How to I use the 3D Touch interactivity features on the iPhone 6s and iPhone 6s Plus? What new features are enabled by 3D Touch?
When Apple introduced the iPhone 6s and iPhone 6s Plus, one feature that was welcome (if not a surprise) was the inclusion of a pressure-sensitive screen. Called 3D Touch, the new interface joins Multi-Touch to form the heart of your interaction with iOS. "This is the next generation of Multi-Touch," said Apple's Jony Ive.
Most people instinctively know the gestures they use with an iPhone: tap, swipe and pinch are just some of the commonly used interactions. 3D Touch introduces two new standard gestures: Peek and Pop. Quick Actions, join these and provide shortcuts to menus (typically from the Home screen).
Beyond that there is pressure sensitivity that is available to all developers, this enables developers to create apps that take advantage of the pressure-sensitive screen. A developer of a drawing app can use 3D Touch to change the brush strength, for instance, depending on the firmness of your finger press.
There are a lot of gestures to discover in 3D Touch (much more than on the Apple Watch or MacBook). We're going to skim the surface in this article, but we look forward to the range of new 3D Touch-enabled features that developers come up with in the coming months.
See also: 11 great 3D Touch tips & tricks
How to use 3D Touch on the iPhone 6s: How to use Peek and Pop
Peek and Pop are both pressure-sensitive gestures.
The 3D Touch interface is based upon the Force Touch technology that Apple introduced in the MacBook and Apple Watch, and owners of either of these devices will have a headstart here. Essentially, the function performed depends on how hard you push the screen. Push it with a medium strength and you perform a Peek; push it harder and you perform a Pop.
Peek and Pop are gestures that enable you to preview content and then open it. If you're in an email, performing a light press (Peek) brings up the content of the message. If you then go on to perform a firmer Push you open the message fully.
It works across apps, so Peek can be used to get a preview of an image in Messages, and Push opens the image full screen and enables you to edit it.
- Open the Mail app.
- Press lightly on a message to perform a Peek and view the content.
- Press harder to perform a Push and open the message.
- Here are some of the things we've seen Peek and Pop used for:
- Previewing and opening Mail messages.
- Viewing, and opening, web links in Safari.
- Previewing images across apps.
- Opening a location in Maps.
These are the interactions in Apple's stock iOS apps, but developers are free to implement Peek and Pop gestures in their apps.
Using Quick Actions on the iPhone 6s: Mini and Full taps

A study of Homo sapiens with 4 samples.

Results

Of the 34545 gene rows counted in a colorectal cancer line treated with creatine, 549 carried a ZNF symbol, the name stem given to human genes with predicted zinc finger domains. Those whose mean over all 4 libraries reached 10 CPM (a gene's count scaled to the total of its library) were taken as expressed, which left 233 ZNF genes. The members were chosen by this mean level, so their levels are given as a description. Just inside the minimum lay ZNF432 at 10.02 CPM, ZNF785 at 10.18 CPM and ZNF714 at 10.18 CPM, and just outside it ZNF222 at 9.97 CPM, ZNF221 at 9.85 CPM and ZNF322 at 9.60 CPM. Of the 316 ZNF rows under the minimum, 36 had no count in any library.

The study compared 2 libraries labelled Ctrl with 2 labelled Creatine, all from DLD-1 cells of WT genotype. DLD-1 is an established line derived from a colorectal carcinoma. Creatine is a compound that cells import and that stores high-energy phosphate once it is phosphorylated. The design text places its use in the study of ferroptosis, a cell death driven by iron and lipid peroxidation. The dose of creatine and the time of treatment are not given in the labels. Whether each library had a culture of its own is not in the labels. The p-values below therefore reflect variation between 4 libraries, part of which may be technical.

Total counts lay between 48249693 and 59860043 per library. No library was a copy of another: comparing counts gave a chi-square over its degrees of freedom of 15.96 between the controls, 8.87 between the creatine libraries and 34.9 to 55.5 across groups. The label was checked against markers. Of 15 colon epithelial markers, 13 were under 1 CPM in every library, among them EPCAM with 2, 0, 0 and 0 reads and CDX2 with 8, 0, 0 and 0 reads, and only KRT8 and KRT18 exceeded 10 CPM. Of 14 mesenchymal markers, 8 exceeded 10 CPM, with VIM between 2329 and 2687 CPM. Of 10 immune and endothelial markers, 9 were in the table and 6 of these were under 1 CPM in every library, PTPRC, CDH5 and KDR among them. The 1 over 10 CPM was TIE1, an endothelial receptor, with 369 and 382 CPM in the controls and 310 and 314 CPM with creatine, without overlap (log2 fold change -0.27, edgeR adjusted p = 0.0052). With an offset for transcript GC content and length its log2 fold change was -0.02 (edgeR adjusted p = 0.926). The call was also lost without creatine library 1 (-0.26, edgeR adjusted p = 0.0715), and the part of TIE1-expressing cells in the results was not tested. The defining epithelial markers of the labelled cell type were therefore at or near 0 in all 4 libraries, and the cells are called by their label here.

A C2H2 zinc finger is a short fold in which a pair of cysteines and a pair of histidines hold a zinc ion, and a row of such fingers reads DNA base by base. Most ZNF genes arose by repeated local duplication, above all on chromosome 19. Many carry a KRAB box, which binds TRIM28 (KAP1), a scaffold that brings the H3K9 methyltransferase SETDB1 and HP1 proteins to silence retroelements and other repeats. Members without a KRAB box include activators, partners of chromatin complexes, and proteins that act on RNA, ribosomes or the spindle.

Another interaction touted by Apple is Quick Actions. These are made possible because the new Taptic Engine used in 3D Touch is capable of detecting between much shorter taps.
In the demonstration video, Jony Ive distinguishes between two taps:
- Mini Tap: lasting just 10ms
- Full Tap: lasting 15ms or longer
While these amounts seem insanely small, they may be instinctive to use. A Mini Tap is used on the Home screen to open a menu for an app.
While a Mini Tap opens the app, a Full Tap offers menu shortcuts. Perform a Full Tap on the Mail icon and you see Inbox, VIP, Search and New Message. Performing a Full Tap on the Camera app brings up an option to take a Selfie without having to open the app and switch between the iSight and Facetime cameras.
In many ways, Full Tap can be seen as the equivalent of a Command-Click on a mouse. It enables you bring up a menu for an app. These menus offer shortcuts to things you commonly do with that app.
Developers also have access to Quick Actions, and can use the technology to measure shorter taps in games and other apps. Between Quick Actions and pressure sensitivity we hope developers (especially game developers) introduce far more sophisticated interactions.
If you want to edit the quick-actions that come up in the mini-menu when you do a harder press on the icon for Phone, Messages or FaceTime, incidentally, take a look at our quick tutorial: How to edit the 3D Touch shortcut menus for Phone, Messages & FaceTime.
How to use 3D Touch on the iPhone 6s: Peek and Swipe
A gesture similar to Quick Actions is Peek and Swipe. This gesture is where you push firmly on the screen, and swipe upwards to bring up a menu.
The Peek and Swipe gesture has been demonstrated by Apple but is easy to mistake for Quick Actions. Peek and Swipe inside Safari to get a menu that enables you to open new tabs, add items to Reading List or copy links.
How to use 3D Touch on the iPhone 6s: Other uses for 3D Touch
We're seeing 3D Touch used in other areas across iOS that don't fully fit in with the stock uses. Here are some areas to try out 3D Touch:
- Live Photos. Perform a Push to make a photo move around.
- Perform a Push on the Home Screen (instead of double-tapping the home button).
- Pressure-sensitive drawing.
- Push to access a trackpad (similar to using two fingers on the iPad).
As time goes on, developers will introduce exciting new uses for 3D Touch, and the SDK provided by Apple enables them to experiment with different types of interfaces. We expect 3D Touch to offer a variety of interesting uses as time goes on.
Macworld poll: What do you think of 3D Touch?
Are you impressed by the new features made possible by the 3D Touch interface on the iPhone 6s and 6s Plus? We'd like to hear your thoughts.